IT and facilities teams (also known as Operational Technologies or OT) are twin siblings born of separate mothers. They work side by side, supporting the same people and business operations but rarely interact. New technologies and business demands are creating collaboration opportunities worthy of hero status.
Laptops versus Thermostats
We had buildings way before the first computer. If an IT engineer’s world is servers and networking, the facility engineer’s day revolves around things like keeping the lights on.
The Internet of Things (IoT) brings traditionally non-IP applications into the IP world. This is great for OT because their world is hardware heavy: physical security, theft prevention, office planning, lighting, and environmental controls. These systems are difficult to change and management controls are often are not IP-based.
IT has learned to capitalize on software which is agile and changes quickly where hardware cannot.
This is where the conference rooms come in.
Did someone say “Office Space”?
One of OT’s responsibilities is office planning: how many people are in the building and when and where. Walking around all day won’t work and occupancy sensors are inaccurate. That’s a problem for a facilities team evaluating how office space is being used.
IT, however, knows precisely how many devices are connected to the network, maybe location too. For OT, this is a treasure trove of information.
Say we’ve got an office configured for 150 people. Most days there are 80 people but conference rooms are always booked. Maybe the rooms are booked by one person wanting privacy for a phone call. There might even be people using the conference rooms without booking. This makes it hard for OT to judge the most effective use of the space. It might be time to implement a hot desk policy and use the extra space for badly needed conference rooms. Using analytics and location analysis, IT can tell OT where the people are and what they’re doing.
Is it just me or is it hot in here?
If the facilities manager knows when and where people are, they can make better decisions on when to turn off lights or how much to adjust the temperature. This creates happier employees (the heat stays on when people work late) and saves on energy bills by shutting off unused systems when they’re not—which makes CFOs happy.
The Ins and Outs of Buildings
We’re all familiar with using badge readers to gain entry to a building. Not every facility manager has this option, however. They’re stuck with physical keys and on a first name basis with their local locksmith. Some very large sites (like school districts) have locksmiths permanently on staff. For the cost of having a locksmith rekey a door 2 or 3 times, they could invest in programmable door locks.
IoT converts slow-to-change hardware into agile software-driven systems.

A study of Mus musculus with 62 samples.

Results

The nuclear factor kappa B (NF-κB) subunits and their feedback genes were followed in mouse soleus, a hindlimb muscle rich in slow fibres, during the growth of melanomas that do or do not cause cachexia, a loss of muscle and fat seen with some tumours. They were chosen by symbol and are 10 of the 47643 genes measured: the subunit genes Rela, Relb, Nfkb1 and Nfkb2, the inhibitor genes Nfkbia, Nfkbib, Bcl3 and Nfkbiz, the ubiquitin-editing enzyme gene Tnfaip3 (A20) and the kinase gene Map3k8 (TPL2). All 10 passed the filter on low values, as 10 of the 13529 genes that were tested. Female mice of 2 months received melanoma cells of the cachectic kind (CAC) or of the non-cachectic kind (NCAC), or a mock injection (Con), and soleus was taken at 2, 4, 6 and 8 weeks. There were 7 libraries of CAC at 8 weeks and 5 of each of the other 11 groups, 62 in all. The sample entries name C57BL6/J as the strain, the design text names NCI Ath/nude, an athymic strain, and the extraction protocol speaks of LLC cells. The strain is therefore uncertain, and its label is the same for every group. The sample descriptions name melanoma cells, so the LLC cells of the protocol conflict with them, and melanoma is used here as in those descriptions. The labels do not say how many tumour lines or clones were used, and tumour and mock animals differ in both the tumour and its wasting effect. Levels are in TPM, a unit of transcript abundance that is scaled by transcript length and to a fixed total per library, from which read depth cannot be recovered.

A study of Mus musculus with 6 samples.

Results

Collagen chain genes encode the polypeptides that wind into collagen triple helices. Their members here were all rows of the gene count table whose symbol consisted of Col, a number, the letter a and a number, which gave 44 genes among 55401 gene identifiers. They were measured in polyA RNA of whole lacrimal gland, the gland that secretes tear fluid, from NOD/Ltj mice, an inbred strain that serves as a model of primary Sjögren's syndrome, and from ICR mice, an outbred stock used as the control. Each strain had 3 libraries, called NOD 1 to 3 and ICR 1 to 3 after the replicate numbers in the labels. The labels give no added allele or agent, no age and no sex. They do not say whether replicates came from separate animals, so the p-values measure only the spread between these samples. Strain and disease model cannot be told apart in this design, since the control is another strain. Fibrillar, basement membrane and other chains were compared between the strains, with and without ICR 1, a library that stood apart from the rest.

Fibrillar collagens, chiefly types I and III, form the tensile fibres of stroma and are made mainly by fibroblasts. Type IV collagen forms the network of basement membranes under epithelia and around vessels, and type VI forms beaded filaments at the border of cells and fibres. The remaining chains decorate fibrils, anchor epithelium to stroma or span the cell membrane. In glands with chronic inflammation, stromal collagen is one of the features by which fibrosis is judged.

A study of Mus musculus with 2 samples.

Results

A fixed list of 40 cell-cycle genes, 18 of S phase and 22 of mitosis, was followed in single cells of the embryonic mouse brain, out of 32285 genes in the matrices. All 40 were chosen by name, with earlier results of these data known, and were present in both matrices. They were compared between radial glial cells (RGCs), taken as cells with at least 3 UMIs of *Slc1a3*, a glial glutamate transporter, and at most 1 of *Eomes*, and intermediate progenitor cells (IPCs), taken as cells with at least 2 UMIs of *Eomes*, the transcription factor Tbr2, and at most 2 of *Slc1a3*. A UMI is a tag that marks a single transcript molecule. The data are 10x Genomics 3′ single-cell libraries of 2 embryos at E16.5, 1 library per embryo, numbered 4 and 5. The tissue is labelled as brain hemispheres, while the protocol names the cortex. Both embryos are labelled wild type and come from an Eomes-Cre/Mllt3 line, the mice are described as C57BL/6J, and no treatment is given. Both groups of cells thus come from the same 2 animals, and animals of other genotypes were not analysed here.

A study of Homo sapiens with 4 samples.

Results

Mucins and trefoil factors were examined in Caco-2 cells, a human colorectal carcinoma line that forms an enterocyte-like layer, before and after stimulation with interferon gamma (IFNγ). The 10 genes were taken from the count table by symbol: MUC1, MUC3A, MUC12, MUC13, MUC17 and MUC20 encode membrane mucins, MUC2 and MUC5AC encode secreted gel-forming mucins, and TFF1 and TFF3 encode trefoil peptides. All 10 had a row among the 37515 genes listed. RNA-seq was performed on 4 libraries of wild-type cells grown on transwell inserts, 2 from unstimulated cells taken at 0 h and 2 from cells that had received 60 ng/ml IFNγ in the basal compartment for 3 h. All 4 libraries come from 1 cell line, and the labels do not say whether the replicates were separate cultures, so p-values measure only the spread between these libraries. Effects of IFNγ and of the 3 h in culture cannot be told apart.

Badge entry systems have other limitations. They report when someone enters the building but tailgaters—who follow someone else in without using their badge—aren’t counted. Facilities is just as interested in wholeaves as enters, too. Systems that force every employee to use their own badge for entry and exit work but are expensive. But if employee badges have IoT asset tracking tags, IT knows exactly who’s on premise and how they are using the space.
Don’t Let the IoT Explosion Blow Up in Your Face
Each IoT system has its own gateway for management and control. To really tap into the power of IoT will involve more than one system—which doesn’t talk to others. Organizations get filled with isolated IoT systems and that IoT explosion becomes a big mess with IT left holding the mop when the party’s over.
Ruckus IoT Suite is an IoT controller for multi-vendor IoT networks. No new cabling is required because the IoT traffic rides over existing infrastructure (switches and APs). New systems can be rapidly deployed or tested by adding them into the existing IoT controller with less effort Even better because the systems converge in a single place, the IoT controller has visibility everywhere and can trigger actions based on what happens in one or more systems. This is a powerful tool that combines system monitoring, control, and interpretation in a way that is difficult if not impossible to do today.
If you’re an IT engineer or director, it might be time to sit down to lunch with your friendly local facilities manager and have a deep, meaningful discussion about conference rooms and locksmiths. We described three ways to collaborate here—office space planning, environmentals, and building access—to get your started.
Who knows, you might find yourself the hero of the day—able to add new functionality and efficiency in a single bound while saving money. That’s a hero we can all appreciate.